March 24, 2014
By TEKsystems


Automation and robotics, two of the most important trends in IT and technology, are typically associated primarily with the manufacturing sector. Workers on assembly lines are being replaced by machines that can do their jobs more efficiently and without the need for breaks. IT jobs are consequently growing in demand in this industry, as businesses need tech-savvy employees to oversee their automation investments.

Writing for Robohub, industry expert Colin Lewis recently asserted that a similar trend is taking place in the finance sector. Banks and other financial institutions are investing in automated IT services and robotics, trimming their staffs and increasing their profits in the process.

Automation and finance
The news source noted that the financial sector as a whole is enjoying record-breaking profits, yet organizations' staffs are shrinking. For example, insurance giant AIG employed 116,000 workers in 2007, but maintained a staff of only 63,000 as of the end of 2012. During this time, its profits rose from $6.2 billion to $6.6 billion, and hit $9 billion in 2013. Lewis suggested that automated technology enabled this development.

Similarly, Citibank reduced its employees from 357,000 workers before the Great Recession to 259,000 at the end of 2012. And Lewis reported that J.P. Morgan recently announced a round of 12,000 to 15,000 job cuts, explaining that this was partly due to "technology that allows greater automation of clerical functions in branches."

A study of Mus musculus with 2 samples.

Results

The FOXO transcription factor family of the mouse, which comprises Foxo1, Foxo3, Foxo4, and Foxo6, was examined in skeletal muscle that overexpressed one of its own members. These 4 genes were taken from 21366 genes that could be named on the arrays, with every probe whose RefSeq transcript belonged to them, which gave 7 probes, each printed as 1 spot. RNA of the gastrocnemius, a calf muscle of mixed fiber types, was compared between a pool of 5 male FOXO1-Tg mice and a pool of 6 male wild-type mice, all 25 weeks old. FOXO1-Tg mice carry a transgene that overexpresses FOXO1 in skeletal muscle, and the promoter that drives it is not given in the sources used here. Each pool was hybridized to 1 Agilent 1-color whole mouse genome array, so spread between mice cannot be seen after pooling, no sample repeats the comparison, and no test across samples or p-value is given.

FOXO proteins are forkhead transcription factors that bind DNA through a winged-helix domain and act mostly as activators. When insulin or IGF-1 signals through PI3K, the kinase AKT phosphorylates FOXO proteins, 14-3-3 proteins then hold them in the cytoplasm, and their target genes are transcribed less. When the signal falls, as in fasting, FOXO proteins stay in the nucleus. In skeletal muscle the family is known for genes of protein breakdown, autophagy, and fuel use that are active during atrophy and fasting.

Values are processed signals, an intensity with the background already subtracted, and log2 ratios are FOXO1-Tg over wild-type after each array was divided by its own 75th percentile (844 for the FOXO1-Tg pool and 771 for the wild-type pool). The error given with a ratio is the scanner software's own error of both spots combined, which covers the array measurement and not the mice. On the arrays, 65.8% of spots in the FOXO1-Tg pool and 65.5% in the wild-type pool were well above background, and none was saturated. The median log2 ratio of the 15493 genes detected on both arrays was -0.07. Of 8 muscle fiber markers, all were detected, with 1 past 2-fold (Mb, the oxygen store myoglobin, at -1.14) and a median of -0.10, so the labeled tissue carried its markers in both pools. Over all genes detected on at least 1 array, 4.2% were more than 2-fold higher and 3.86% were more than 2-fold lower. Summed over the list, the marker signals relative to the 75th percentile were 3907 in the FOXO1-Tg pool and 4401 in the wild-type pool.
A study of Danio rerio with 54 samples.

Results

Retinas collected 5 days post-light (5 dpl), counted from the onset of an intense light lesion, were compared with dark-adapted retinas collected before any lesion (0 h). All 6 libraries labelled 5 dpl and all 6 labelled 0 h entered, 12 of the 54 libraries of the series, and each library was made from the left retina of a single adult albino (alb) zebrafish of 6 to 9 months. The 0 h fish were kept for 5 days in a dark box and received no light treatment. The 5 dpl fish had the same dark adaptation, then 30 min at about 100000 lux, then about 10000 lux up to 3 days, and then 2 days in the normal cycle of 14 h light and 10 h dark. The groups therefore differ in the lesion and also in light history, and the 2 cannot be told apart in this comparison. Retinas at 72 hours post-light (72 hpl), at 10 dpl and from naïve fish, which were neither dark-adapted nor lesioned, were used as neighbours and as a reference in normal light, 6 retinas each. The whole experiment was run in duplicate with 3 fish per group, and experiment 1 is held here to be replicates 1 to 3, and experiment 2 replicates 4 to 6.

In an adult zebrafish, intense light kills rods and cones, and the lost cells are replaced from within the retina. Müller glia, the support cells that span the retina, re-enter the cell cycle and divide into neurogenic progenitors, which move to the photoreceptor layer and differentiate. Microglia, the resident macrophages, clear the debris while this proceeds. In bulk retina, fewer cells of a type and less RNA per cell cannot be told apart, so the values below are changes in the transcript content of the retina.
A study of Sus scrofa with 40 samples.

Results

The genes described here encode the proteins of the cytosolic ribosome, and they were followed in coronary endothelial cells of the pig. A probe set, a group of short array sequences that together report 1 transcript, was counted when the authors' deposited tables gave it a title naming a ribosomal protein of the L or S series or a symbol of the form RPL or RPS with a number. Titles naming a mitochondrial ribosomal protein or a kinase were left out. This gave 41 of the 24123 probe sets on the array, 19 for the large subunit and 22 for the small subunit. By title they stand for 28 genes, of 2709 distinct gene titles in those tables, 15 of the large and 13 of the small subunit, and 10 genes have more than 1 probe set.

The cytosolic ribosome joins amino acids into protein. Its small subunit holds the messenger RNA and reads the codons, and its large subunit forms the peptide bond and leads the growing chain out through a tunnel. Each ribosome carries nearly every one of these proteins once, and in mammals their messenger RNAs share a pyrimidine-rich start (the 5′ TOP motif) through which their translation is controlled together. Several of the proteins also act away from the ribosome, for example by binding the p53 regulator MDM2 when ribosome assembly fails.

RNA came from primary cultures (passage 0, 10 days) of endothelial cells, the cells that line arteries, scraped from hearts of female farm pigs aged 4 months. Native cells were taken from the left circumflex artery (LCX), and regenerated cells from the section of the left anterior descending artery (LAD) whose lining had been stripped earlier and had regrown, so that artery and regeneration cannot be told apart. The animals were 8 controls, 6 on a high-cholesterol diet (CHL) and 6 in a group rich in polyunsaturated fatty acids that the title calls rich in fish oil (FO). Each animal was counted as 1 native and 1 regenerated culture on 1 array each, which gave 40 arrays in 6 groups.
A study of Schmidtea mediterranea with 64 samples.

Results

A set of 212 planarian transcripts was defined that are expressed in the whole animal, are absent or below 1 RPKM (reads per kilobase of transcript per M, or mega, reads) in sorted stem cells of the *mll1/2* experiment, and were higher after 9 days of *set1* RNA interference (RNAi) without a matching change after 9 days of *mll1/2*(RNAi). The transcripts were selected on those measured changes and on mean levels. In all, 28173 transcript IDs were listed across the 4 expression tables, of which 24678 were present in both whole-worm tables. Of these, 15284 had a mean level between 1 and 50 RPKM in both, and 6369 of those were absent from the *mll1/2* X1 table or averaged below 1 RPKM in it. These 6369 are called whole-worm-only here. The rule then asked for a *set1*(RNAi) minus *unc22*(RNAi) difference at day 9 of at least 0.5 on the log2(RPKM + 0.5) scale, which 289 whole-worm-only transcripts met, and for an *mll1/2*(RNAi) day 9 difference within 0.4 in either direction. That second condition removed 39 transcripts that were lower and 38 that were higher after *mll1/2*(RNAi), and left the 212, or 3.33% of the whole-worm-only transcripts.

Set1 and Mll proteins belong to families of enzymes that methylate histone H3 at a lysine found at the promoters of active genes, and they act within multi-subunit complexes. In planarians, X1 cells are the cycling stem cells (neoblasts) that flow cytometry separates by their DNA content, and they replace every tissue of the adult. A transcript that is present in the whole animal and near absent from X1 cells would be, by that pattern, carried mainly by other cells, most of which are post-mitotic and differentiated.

The Financial Times further highlighted this issue, pointing to a new startup dedicated to creating "smart" financial machines. Called Warren in honor of Warren Buffett, this system utilizes advanced algorithms to predict securities' reactions to information such as monthly employment reports, an activity usually performed by analysts at financial firms.

"There are several hundred thousand people employed in that capacity. We do it with machines," said Daniel Nadler, founder of the startup, Financial Times reported. "We're not competing with other [tech] providers. We're competing with people."

As financial firms using these tools continue to see their profits grow and expenses diminish, it is all but certain that automated and roboticized IT services will gain greater influence in the sector. Firms need to consider strategies for leveraging these resources in their own operations in order to remain competitive.